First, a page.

To examine the ability of Spatial Frequency Doubling (FD) Illusion stimuli to predict progression of visual field loss and optic disc abnormalities in 218 subjects.
Our original 1991–92 study of 330 subjects determined contrast thresholds for several FD stimuli in up to 7 quarterly visits [Maddess et al. (1999) Vision Res., 39, 4258]. For this study we followed subjects for 12 yr for changes in: visual fields as measured by the Humphrey Field Analyser (HFA), and optic disc appearance. We then compared the diagnostic power of 4 FD hemifield thresholds, and 4 HFA measures, to predict progression of HFA visual fields and vertical cup/disc ratios (CDRs). The 4 HFA measures were the Mean Defects (MD) and Pattern Standard Deviations (PSD), which are derived from 52 thresholds/eye. Diagnostic ability was determined from Receiver Operator Characteristic (ROC) plots, which were constructed from linear discriminant classifier models. Bootstrap estimates of means and SD were obtained for all ROC plots and for ROC parameters such as d–prime, ROC area (ROCA), and the so called accuracy (the mean of the simultaneously highest sensitivity and specificity). The bootstrap also provided a degree of cross–validation. Visual field and optic disc progression was examined in weak, moderate and strong, glaucoma suspects, patients, and normals. Classification was based upon either the 4 FD thresholds or the 4 HFA measures per subject.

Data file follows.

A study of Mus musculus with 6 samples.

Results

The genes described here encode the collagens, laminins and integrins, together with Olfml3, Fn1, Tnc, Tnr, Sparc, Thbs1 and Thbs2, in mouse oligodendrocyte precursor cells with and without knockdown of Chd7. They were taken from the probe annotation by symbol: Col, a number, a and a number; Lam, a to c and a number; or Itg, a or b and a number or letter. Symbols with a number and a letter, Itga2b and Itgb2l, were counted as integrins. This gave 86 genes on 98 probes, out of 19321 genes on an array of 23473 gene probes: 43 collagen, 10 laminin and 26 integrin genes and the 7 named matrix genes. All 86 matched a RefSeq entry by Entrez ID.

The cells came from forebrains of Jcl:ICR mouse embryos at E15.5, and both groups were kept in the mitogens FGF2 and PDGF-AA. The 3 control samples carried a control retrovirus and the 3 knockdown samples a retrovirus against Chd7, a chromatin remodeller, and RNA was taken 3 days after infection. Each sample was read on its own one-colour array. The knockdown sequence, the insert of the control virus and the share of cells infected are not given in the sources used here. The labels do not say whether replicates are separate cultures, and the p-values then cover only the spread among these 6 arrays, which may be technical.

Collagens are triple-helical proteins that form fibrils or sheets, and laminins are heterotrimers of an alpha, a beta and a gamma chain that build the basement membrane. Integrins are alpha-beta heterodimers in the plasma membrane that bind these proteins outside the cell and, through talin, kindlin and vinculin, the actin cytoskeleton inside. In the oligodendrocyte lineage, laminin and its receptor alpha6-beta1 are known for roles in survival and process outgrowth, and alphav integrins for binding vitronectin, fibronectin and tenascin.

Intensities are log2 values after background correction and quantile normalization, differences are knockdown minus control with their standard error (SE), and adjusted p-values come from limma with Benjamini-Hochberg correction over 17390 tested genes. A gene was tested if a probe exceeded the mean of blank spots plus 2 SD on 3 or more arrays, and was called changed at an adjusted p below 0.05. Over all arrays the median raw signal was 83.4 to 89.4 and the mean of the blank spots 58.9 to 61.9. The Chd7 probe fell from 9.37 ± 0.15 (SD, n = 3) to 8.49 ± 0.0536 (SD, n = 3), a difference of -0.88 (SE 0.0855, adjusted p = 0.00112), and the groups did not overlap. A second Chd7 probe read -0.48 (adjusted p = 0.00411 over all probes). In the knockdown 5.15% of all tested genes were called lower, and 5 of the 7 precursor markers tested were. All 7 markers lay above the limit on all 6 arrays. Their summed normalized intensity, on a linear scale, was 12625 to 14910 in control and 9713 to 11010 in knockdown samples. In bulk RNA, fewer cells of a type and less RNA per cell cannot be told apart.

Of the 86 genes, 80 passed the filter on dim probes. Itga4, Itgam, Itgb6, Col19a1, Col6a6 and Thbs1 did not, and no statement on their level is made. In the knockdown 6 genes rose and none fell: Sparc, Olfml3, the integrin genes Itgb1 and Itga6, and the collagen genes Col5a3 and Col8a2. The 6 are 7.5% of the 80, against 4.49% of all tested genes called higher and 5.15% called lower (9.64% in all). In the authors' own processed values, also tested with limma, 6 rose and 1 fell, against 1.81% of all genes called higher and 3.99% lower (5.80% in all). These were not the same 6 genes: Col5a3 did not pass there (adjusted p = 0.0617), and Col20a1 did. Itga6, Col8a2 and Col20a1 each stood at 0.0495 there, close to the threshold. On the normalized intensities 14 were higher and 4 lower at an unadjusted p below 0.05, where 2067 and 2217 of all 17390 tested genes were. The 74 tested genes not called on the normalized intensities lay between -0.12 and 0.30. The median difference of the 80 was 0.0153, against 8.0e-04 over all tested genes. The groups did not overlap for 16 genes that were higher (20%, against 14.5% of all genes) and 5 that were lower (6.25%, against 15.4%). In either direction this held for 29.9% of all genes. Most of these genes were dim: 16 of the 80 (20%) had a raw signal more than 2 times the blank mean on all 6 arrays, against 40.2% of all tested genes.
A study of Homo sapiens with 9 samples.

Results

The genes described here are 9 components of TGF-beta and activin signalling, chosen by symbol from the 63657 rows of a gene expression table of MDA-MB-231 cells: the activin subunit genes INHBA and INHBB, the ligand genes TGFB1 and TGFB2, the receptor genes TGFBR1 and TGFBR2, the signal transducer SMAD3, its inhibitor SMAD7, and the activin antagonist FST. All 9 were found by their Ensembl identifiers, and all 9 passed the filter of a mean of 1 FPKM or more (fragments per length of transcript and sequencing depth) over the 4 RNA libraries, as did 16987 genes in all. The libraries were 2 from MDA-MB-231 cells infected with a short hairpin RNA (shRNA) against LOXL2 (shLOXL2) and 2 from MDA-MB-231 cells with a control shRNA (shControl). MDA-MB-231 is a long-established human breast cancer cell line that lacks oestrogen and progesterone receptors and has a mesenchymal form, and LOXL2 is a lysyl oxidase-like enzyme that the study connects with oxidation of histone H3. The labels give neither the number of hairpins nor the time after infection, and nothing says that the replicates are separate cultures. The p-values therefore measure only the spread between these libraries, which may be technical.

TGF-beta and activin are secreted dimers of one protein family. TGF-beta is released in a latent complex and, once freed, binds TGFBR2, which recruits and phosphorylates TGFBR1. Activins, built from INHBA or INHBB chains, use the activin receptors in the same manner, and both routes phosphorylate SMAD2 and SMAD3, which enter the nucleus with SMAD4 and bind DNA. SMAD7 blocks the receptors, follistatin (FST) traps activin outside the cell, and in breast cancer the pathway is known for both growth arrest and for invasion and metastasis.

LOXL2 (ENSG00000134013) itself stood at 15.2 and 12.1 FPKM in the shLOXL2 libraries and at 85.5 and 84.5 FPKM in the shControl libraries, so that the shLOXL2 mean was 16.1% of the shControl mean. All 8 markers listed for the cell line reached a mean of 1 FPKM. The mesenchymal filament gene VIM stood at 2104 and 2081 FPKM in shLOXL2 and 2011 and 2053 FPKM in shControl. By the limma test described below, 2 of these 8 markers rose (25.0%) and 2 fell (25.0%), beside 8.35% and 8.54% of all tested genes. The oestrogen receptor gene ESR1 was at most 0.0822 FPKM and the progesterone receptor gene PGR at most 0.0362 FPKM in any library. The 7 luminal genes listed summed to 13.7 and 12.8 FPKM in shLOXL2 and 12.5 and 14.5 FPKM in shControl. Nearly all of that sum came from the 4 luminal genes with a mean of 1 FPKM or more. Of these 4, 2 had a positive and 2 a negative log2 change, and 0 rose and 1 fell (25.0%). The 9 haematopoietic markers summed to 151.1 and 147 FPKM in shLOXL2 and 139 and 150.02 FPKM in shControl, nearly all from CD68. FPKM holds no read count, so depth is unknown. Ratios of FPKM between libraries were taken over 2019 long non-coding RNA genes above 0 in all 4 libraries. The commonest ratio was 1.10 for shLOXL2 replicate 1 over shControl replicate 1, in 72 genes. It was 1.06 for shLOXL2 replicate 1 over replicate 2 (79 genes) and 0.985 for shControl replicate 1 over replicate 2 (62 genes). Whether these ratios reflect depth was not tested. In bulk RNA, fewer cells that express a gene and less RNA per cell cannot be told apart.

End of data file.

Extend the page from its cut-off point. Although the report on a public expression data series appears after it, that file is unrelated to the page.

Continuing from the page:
Accuracies were less problematic than d–prime or ROCA. For visual field progression accuracies of 90 to 100% were achieved for the first 3 years but then accuracies fell to 70% or better for FD stimuli after 12 years in the moderate and strong suspect groups. MD and PSD performed relatively poorly. Both FD and HFA measures predicted CDR progression at about 80% accuracy in the moderate suspects, the FD measures performed better than HFA for glaucoma patients. Both FD and HFA discriminated HFA visual field progressors from non–progressors at 60% to 80% even after 12 years, the rate depending on patient group.
For the first 3 years the predictive power of the FD thresholds was excellent. The longer term prediction was still good enough to assist in decisions about which patients might require more aggressive treatment. The drop–off in predictive power over time observed for both FD and HFA measures suggests that glaucoma is not a deterministic process, perhaps being driven by environmental or patient variables that are not predictable from initial conditions.